No dose for the dose – a warning


The Agency’s Gonorrhoea Resistance Action Plan aims to maximise the effectiveness of existing treatments after a year in which new diagnoses rose by 25%.

The increasing prevalence of antibiotic-resistant strains draws attention to the lack of new therapies, a problem highlighted by GSK’s Andrew Witty in 2012.

The action plan, developed by the HPA’s Gonococcal Resistance to Antimicrobials Surveillance Programme (GRASP), places emphasis on data collection, rapid detection of treatment failures, and actions to reduce infection rates.

The GRASP data show that new gonorrhoea diagnoses rose by 25% in 2011 to nearly 21,000. Men who have sex with men made up a third of new infections, compared to a quarter in 2010.

With treatment failures occurring worldwide and no new antibiotics in the pipeline, England’s Chief Medical Officer recently argued that antibiotic resistance should be considered a civil emergency on a par with terrorism.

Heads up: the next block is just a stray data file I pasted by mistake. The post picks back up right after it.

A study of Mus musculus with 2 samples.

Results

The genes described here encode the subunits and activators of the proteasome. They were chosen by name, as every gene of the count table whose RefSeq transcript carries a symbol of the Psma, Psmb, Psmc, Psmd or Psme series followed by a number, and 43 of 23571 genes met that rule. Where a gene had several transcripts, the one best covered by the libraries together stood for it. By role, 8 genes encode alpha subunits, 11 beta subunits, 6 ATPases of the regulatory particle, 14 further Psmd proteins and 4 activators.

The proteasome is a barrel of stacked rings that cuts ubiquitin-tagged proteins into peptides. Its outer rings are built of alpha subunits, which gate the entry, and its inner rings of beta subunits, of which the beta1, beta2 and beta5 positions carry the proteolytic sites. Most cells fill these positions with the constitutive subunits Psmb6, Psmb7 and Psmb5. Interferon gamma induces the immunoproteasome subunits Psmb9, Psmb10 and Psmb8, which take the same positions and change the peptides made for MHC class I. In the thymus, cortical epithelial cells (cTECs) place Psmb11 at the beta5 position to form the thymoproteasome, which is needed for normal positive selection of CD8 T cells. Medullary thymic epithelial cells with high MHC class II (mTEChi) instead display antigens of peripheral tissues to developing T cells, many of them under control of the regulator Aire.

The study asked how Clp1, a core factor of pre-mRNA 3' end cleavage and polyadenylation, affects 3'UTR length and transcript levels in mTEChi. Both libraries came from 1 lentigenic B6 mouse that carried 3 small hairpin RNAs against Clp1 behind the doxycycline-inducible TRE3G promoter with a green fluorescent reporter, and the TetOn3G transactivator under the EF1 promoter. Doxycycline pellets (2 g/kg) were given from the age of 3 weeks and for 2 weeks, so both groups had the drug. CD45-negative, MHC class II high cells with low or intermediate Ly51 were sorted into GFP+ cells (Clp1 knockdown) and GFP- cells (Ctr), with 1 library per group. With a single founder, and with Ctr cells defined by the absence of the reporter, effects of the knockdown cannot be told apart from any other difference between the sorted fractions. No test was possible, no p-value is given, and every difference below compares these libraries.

Professor Cathy Ison, lead author of the action plan, said: “Ensuring treatment-resistant gonorrhoea strains do not persist and spread remains a major public health concern. The GRASP Action Plan sets out practical, measurable actions to extend the useful life of the current recommended therapies in England and Wales.”

Current fears that the transfer of sexual health services to the council-funded public health system will see cuts in these services has intensified concern about the likely spread of untreatable gonorrhoea.

Andrew Witty, CEO of GSK, commented in 2012 that by the time a viable commercial model for new antibiotics existed, it would be too late to avert a serious pandemic. “The market has failed,” he concluded.

Antibiotic Action, a new UK-led initiative to encourage global investment in the development of new antibiotics, is working to establish an all-party Parliamentary Group that can address the issue.

Professor Laura Piddock, Director of Antibiotic Action, commented: “The GRASP Action Plan is a good example of why we need new drugs, and begs the question why they are not being developed for this infection. Government must act now to avert this and similar crises that threaten the health of our nation.”